20 in their 20s
What is most striking about Doha Aboul-Fotouh is her profound sense of gratitude. When asked about her experiences as an English major, her studies at Baylor College of Medicine, her pediatric residency, her poetry or her family, she always starts out with, “I’m so very grateful.” It is this sense of thoughtful reflection that permeates her writing as well as her practice of medicine.
It seems natural that Aboul-Fotouh would choose a medical career. Her mother and two older sisters are all physicians. But she also loved the humanities, particularly writing poetry, and it was actually her sensibilities as a writer that moved her toward the body and pediatrics. “Medicine is much like English — they are both about story-making,” Aboul-Fotouh explains. “Everything has a beginning, middle and end. Much of medicine is putting together that story, proving that something happened or could happen.”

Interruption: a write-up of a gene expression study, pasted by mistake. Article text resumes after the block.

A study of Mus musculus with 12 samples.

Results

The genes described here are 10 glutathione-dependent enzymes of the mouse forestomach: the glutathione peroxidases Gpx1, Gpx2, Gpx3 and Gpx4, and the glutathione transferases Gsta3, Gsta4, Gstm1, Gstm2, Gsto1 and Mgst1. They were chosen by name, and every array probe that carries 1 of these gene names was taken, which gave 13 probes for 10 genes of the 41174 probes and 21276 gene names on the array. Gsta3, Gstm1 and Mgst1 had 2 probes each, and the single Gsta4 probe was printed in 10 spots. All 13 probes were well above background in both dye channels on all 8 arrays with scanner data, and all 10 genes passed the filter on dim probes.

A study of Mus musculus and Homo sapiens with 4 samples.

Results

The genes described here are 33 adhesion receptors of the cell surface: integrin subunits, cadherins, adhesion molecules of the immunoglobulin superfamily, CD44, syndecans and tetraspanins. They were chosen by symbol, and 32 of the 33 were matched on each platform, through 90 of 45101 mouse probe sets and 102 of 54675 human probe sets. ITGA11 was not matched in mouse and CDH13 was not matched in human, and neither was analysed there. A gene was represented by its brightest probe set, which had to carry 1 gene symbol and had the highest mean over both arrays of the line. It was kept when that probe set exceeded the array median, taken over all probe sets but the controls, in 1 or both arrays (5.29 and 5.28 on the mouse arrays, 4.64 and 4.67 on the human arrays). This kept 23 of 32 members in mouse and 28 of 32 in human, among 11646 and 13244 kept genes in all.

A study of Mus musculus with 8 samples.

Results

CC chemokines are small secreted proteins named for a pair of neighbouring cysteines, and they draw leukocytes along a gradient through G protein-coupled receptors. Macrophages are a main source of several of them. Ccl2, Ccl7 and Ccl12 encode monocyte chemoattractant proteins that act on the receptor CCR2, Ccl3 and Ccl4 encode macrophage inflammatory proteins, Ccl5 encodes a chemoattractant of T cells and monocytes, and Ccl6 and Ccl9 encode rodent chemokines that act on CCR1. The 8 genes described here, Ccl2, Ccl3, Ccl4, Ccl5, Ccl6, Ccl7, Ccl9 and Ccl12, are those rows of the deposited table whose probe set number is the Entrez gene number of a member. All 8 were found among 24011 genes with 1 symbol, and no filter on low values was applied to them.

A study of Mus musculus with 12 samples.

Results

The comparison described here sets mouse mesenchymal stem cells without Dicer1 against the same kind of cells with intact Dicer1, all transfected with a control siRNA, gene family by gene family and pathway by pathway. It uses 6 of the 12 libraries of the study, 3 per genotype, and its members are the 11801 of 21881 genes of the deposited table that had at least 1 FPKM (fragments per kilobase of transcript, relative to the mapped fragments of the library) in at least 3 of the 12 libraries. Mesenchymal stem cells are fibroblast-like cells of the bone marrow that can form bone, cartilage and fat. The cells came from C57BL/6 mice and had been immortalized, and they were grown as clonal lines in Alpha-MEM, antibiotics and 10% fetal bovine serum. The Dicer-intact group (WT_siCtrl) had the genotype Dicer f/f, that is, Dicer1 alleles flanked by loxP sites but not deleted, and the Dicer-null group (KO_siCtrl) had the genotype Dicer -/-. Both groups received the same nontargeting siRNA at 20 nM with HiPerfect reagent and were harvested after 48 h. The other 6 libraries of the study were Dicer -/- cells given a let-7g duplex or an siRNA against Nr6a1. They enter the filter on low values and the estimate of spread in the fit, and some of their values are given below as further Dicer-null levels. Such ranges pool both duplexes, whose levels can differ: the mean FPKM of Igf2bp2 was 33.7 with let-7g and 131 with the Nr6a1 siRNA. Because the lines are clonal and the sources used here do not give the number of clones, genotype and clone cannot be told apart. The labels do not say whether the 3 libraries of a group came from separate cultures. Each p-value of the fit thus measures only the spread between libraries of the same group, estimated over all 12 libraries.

Even through the rigors of medical school and residency, Aboul-Fotouh has continued writing poetry, what she describes as “putting parts together.” She attends a monthly poetry workshop and considers it “one of the absolute best things I have going for me.” In 2019, she published a long poem in the literary journal RHINO Poetry. The poem, titled “Begetting,” contemplates the loss of her father.
In fact, the death of Aboul-Fotouh’s father was instrumental in solidifying her approach to practicing medicine. She was dissecting a cadaver in her first year of medical school when she realized that the body presented with liver disease; her father had succumbed to liver cancer just two years before. “That recognition, while it brought about its own grief, also taught me that every body is a loved body,” she says. “This is something I recognize and verbalize often in pediatrics. I spend a lot of time telling parents, ‘I know your child is precious to you.’ My work is about honoring the loved body as well as those who care about them.”